Stuart Russell" was born in 1962 in Portsmouth, England. He received his B.A. with first-class honours in physics from Oxford University in 1982, and his Ph.D. in computer science from Stanford in 1986. He then joined the faculty of the University of California at Berkeley, where he is a professor of computer science, director of the Center for Intelligent Systems, and holder of the Smith-Zadeh Chair in Engineering. In 1990, he received the Presidential Young Investigator Award of the National Science Foundation, and in 1995 he was cowinner of the Computers and Thought Award. He was a 1996 Miller Professor of the University of California and was appointed to a Chancellor's Professorship in 2000. In 1998, he gave the Forsythe Memorial Lectures at Stanford University. He is a Fellow and former Executive Council member of the American Association for Artificial Intelligence. He has published over 100 papers on a wide range of topics in artificial intelligence. His other books include "The Use of Knowledge in Analogy and Induction" and (with Eric Wefald) "Do the Right Thing: Studies in Limited Rationality."
"Peter Norvig" is director of Search Quality at Google, Inc. He is a Fellow and Executive Council member of the American Association for Artificial Intelligence. Previously, he was head of the Computational Sciences Division at NASA Ames Research Center, where he oversaw NASA's research and development in artificial intelligence and robotics. Before that he served as chief scientist at Junglee, where he helped develop one of the first Internet information extraction services, and as a senior scientist at Sun Microsystems Laboratories working on intelligent information retrieval.He received a B.S. in applied mathematics from Brown University and a Ph.D. in computer science from the University of California at Berkeley. He has been a professor at the University of Southern California and a research faculty member at Berkeley. He has over 50 publications in computer science including the books "Paradigms of AI Programming: Case Studies in Common Lisp, Verbmobil: A Translation System for Face-to-Face Dialog," and "Intelligent Help Systems for UNIX.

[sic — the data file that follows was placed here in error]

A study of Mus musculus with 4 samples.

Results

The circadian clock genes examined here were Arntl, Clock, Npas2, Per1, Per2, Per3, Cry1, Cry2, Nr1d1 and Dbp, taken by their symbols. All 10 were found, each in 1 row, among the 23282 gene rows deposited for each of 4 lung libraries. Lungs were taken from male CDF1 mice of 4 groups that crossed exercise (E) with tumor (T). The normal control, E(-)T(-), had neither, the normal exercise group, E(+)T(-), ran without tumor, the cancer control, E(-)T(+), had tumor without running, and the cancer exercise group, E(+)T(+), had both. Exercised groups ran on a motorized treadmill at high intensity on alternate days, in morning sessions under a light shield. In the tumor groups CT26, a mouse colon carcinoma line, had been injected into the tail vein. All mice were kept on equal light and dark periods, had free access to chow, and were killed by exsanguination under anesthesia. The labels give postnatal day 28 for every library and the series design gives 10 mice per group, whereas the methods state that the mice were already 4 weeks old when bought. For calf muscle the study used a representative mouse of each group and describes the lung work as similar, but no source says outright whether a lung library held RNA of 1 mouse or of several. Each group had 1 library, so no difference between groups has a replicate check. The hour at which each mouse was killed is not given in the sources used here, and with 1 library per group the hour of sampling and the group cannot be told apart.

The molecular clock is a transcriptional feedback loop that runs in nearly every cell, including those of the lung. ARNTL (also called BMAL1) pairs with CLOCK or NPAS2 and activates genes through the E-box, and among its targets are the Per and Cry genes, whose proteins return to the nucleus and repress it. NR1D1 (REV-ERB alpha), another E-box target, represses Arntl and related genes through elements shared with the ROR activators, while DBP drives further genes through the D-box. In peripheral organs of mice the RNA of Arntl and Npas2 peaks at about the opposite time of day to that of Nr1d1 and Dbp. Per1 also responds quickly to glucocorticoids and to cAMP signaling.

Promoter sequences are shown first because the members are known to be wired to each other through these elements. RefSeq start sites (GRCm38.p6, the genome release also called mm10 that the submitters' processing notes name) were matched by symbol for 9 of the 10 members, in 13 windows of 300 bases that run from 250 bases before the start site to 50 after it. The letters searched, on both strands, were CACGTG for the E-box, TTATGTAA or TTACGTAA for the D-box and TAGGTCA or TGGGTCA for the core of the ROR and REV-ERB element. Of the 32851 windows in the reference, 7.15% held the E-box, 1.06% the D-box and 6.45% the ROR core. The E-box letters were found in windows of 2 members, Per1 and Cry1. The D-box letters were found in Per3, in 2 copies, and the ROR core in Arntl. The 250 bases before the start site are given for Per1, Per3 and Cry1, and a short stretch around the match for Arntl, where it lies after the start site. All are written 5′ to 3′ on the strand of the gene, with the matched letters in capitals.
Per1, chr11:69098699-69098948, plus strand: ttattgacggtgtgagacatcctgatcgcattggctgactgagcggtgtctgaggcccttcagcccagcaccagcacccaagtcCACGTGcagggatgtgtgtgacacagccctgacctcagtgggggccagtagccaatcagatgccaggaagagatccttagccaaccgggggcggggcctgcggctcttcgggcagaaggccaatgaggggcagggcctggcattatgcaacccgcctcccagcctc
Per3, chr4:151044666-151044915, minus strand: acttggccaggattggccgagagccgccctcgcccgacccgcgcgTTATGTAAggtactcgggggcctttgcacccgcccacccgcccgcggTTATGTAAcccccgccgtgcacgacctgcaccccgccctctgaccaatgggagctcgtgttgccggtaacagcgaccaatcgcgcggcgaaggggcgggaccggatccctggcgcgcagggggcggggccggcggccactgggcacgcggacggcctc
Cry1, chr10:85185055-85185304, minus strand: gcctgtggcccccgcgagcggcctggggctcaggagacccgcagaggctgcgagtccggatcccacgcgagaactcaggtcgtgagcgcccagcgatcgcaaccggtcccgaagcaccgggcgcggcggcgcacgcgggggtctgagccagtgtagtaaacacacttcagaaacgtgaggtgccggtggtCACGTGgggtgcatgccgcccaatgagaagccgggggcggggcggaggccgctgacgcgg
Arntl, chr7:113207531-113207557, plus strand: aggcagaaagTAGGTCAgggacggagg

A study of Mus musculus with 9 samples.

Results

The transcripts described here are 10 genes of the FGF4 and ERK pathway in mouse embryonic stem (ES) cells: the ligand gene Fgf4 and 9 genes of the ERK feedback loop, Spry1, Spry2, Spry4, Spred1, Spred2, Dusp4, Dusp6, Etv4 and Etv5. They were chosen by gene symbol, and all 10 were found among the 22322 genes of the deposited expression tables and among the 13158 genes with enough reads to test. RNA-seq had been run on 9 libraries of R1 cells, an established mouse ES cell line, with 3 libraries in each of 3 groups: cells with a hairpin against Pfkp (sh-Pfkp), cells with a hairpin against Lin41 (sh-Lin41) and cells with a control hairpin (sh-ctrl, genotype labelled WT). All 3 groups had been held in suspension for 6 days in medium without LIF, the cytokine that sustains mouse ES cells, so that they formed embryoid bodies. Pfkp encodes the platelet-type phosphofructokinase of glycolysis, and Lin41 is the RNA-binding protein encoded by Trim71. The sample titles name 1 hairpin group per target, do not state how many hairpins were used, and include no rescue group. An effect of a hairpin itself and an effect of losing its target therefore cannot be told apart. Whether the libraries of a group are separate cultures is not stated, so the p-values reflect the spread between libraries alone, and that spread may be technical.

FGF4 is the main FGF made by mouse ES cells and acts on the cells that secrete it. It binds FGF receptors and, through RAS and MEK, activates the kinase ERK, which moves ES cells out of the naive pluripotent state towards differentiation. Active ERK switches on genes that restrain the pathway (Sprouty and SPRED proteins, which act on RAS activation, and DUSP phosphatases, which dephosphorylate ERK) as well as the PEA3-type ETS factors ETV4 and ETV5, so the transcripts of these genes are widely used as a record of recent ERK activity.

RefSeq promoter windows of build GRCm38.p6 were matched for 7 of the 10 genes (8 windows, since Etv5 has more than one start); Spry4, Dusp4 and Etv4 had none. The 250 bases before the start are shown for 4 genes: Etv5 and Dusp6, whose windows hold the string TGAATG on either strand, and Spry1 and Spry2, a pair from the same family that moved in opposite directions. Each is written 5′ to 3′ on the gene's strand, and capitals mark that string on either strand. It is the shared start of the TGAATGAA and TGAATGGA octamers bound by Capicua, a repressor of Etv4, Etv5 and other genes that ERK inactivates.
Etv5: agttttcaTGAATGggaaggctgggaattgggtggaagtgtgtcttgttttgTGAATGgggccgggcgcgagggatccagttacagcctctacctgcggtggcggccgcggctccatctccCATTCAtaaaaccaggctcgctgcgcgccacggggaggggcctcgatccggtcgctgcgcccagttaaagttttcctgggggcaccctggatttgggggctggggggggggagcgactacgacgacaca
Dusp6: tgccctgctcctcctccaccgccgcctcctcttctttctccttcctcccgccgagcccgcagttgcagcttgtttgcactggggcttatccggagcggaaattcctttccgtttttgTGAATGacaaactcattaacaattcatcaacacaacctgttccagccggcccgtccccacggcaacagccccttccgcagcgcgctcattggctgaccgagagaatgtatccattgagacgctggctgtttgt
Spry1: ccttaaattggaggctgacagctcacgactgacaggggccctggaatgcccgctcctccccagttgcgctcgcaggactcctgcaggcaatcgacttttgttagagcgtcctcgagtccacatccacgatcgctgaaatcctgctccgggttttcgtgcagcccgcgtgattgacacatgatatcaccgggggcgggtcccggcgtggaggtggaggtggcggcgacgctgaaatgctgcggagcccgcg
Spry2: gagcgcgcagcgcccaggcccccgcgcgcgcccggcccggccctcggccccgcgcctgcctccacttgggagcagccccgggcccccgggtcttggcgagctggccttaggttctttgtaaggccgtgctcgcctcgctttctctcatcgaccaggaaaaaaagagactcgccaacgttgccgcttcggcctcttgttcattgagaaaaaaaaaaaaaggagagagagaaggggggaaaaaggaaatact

Artificial Intelligence: A Modern Approach, 3e offers the most comprehensive, up-to-date introduction to the theory and practice of artificial intelligence. Number one in its field, this textbook is ideal for one or two-semester, undergraduate or graduate-level courses in Artificial Intelligence.
Dr. Peter Norvig, contributing Artificial Intelligence author and Professor Sebastian Thrun, a Pearson author are offering a free online course at Stanford University on artificial intelligence.
According to an article in The New York Times , the course on artificial intelligence is “one of three being offered experimentally by the Stanford computer science department to extend technology knowledge and skills beyond this elite campus to the entire world.” One of the other two courses, an introduction to database software, is being taught by Pearson author Dr. Jennifer Widom.
Artificial Intelligence: A Modern Approach, 3e is available to purchase as an eText for your Kindle™, NOOK™, and the iPhone®/iPad®.
Practical Common Lisp presents a thorough introduction to Common Lisp, providing you with an overall understanding of the language features and how they work. Over a third of the book is devoted to practical examples, such as the core of a spam filter and a web application for browsing MP3s and streaming them via the Shoutcast protocol to any standard MP3 client software (e.g., iTunes, XMMS, or WinAmp). In other "practical" chapters, author Peter Seibel demonstrates how to build a simple but flexible in-memory database, how to parse binary files, and how to build a unit test framework in 26 lines of code.